Newborn Screening Family Stories:
A few days ago, I found out that the Minnesota Newborn Screening Advisory Committee voted unanimously for all Minnesota hospitals to perform the pulse oximetry test on newborns. This is great news! Fortunately, I gave birth to my baby girl at one of the few hospitals in Minnesota that performed this test before this passed.
Our little Sydney was born on July 19 weighing 8 pounds, 11 ounces. Every doctor and nurse that listened to her lungs and heart said "You have a very healthy baby girl!" At this point, we had no worries. But that all changed in a matter of 24 hours.
The next day, the nurse came in to tell us that they were taking Sydney to perform the testing that happens after 24 hours of life. I didn't know at that point what it all consisted of, but the nurse explained a few of the tests they were going to do. About an hour later, the nurse came back to our room with Sydney and told us that she did not pass the oxygen level testing, and that they would be taking her back down to do the same test two more times. Much to our surprise, Sydney did not pass either of the two tests.
Later that day, they performed an echocardiogram and they took an x-ray of her lungs because her CRP levels were high. The nurse said they had to take Sydney to the Special Care Nursery so they could start her on oxygen. It all happened so fast I didn't have time to really think things through. All I could think of was the worst – my baby is being put on oxygen, something is not right.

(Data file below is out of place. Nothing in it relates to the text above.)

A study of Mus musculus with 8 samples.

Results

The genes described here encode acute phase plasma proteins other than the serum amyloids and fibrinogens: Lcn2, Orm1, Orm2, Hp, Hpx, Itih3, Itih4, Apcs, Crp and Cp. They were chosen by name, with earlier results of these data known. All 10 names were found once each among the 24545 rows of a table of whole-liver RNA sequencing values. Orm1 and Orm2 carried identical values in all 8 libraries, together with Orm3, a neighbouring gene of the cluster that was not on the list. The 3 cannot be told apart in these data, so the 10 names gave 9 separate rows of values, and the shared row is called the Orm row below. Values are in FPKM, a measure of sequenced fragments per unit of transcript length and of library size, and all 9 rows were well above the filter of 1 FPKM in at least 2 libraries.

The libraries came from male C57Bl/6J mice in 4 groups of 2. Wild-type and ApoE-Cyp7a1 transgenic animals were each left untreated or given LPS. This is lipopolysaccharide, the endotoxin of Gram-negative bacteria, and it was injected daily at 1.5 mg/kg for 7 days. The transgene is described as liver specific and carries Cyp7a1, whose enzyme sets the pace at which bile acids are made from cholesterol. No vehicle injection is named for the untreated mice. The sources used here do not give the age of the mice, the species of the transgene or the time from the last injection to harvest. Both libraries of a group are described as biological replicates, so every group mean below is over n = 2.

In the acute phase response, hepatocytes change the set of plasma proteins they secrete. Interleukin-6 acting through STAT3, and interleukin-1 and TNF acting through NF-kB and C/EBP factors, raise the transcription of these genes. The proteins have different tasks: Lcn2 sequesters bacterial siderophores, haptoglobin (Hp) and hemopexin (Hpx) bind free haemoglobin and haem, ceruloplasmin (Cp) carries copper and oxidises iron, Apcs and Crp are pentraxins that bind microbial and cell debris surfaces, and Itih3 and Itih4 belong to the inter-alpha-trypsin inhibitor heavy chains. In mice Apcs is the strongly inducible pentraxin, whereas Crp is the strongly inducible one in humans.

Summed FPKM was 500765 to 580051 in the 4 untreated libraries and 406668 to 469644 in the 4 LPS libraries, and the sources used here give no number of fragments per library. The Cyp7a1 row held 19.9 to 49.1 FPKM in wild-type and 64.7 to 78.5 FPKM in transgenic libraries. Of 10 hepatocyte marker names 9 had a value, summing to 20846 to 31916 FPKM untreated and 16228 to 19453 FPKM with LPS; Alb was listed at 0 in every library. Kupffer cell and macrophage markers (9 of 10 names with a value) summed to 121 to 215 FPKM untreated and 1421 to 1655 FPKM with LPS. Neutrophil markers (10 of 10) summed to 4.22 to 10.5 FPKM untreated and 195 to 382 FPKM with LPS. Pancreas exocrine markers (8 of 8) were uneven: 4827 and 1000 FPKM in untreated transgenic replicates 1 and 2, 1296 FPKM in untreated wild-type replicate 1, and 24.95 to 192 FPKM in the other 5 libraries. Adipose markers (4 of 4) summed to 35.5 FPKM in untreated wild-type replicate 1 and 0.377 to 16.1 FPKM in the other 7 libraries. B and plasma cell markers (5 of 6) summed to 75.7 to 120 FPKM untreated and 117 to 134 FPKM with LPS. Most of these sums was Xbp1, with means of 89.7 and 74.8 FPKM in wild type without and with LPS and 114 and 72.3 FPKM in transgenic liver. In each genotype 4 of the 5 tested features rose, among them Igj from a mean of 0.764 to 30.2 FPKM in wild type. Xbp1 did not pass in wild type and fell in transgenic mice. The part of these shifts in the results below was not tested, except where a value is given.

Fortunately my sister was there, and because of her connections through the organization she works for, HopeKids, she was able to reach out to a few of the moms who have dealt with this same situation and who also knew more about the testing that was being done. After hearing that only a few hospitals in Minnesota perform this test, Maple Grove being one of them, I realized how blessed we were that Sydney was at this hospital and had the pulse oximetry test done. I learned that thousands of babies have been affected by this test NOT taking place. Heart defects and other issues can be detected by this test, and because it is done so early, precautionary measures can be taken to begin treating any issue found.
Thankfully, her echocardiogram came back showing a healthy heart. They only kept her in the Special Care Nursery for a week until she could hold her own oxygen levels of 95-100 percent for 72 hours.
I hope and pray that this test will be approved and mandated across the United States at ALL hospitals. There is no reason that a simple test such as pulse oximetry cannot be done as a precautionary measure to save many lives!
*Sydney's story was featured in the Association of Public Health Laboratory's publication The Newborn Screening Story: How One Simple Test Changed Lives, Science, and Health in America on pages 40-41. Sydney was also featured in Maple Grove Hospital's 2013 fall magazine on pages 10-11.
Note: Pulse oximetry screening for critical congenital heart disease (CCHD) was added to Minnesota's newborn screening panel in 2013. All Minnesota hospitals are now required to perform this screen.